Clare Winsten (1894 - 1989):
Portrait of Gandhi, 1931
Framed (ref: 4245)
Pencil, 7 3/8 x 5 1/8 in. (18.8 x 13 cm.)
In a fine gilded oak slip with square section outer moulding
Provenance: Theodara Winsten, the artist's daughter.
Literature: Whitchapel At War: Isaac Rosenberg & His Circle, Ben Uri Gallery, 2008
In 1931, during his time in London, Clare was given 'unrestricted access' to Mahatima Gandhi in order to execute his portrait. According to Gombrich, Gandhi was so pleased with the final result 'that he took hold of her brush and signed his name in oil colour',
Sarah MacDougal, Whitchapel Girl, chapter 7 of Whitchapel At War: Isaac Rosenberg & His Circle, Ben Uri Gallery, p 114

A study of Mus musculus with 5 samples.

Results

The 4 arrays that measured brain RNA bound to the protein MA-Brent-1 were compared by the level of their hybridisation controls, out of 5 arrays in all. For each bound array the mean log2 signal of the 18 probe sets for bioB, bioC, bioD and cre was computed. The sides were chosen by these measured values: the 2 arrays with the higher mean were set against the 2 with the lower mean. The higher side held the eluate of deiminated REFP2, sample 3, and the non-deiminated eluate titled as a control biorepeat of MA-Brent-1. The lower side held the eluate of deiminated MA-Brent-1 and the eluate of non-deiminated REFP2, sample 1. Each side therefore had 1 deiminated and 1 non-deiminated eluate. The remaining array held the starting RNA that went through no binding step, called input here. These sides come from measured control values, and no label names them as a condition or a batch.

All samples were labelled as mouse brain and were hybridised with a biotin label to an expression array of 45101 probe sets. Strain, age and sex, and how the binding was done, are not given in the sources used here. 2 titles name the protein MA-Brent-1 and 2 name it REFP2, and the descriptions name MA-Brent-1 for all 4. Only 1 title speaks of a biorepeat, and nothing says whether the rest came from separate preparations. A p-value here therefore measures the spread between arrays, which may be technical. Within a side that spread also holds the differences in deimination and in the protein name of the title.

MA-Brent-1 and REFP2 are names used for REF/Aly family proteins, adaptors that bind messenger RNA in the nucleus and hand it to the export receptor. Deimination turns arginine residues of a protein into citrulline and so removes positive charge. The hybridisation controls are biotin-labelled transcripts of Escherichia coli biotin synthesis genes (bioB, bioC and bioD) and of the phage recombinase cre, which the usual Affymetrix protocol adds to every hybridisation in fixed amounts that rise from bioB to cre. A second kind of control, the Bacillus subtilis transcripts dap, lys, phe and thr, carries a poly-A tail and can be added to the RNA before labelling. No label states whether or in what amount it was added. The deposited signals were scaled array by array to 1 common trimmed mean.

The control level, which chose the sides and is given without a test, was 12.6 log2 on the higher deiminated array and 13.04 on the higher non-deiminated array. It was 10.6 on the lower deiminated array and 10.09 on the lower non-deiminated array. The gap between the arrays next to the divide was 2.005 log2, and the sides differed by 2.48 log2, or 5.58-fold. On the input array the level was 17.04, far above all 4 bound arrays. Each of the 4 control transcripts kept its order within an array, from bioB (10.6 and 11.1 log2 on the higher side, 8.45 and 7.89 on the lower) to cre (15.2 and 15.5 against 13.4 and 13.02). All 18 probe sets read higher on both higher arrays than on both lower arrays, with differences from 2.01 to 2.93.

This is the finest in a series of portraits that Winsten made of Gandhi when she made his acquaintance in Hampstead during Gandhi's celebrated trip to England in 1931. Unlike so many portraits of Gandhi which were taken from photographs Winsten had the privilege of meeting Gandhi in person.
My parents life-time active involvement in social, humanitarian causes, as well as the arts, brought them into touch with likeminded people from many spheres. This affinity produced portraits of, among others, D.H.Lawrence, Montessori, Catherine Lonsdale, Mahatma Gandhi, Bernard Shaw.... My parents first met Mahatma Gandhi in the 1930s when living at Hampstead (and this) led to a remarkable series of paintings and drawings. There was such an empathy between them that Clare was invited to be there .....whenever she wanted.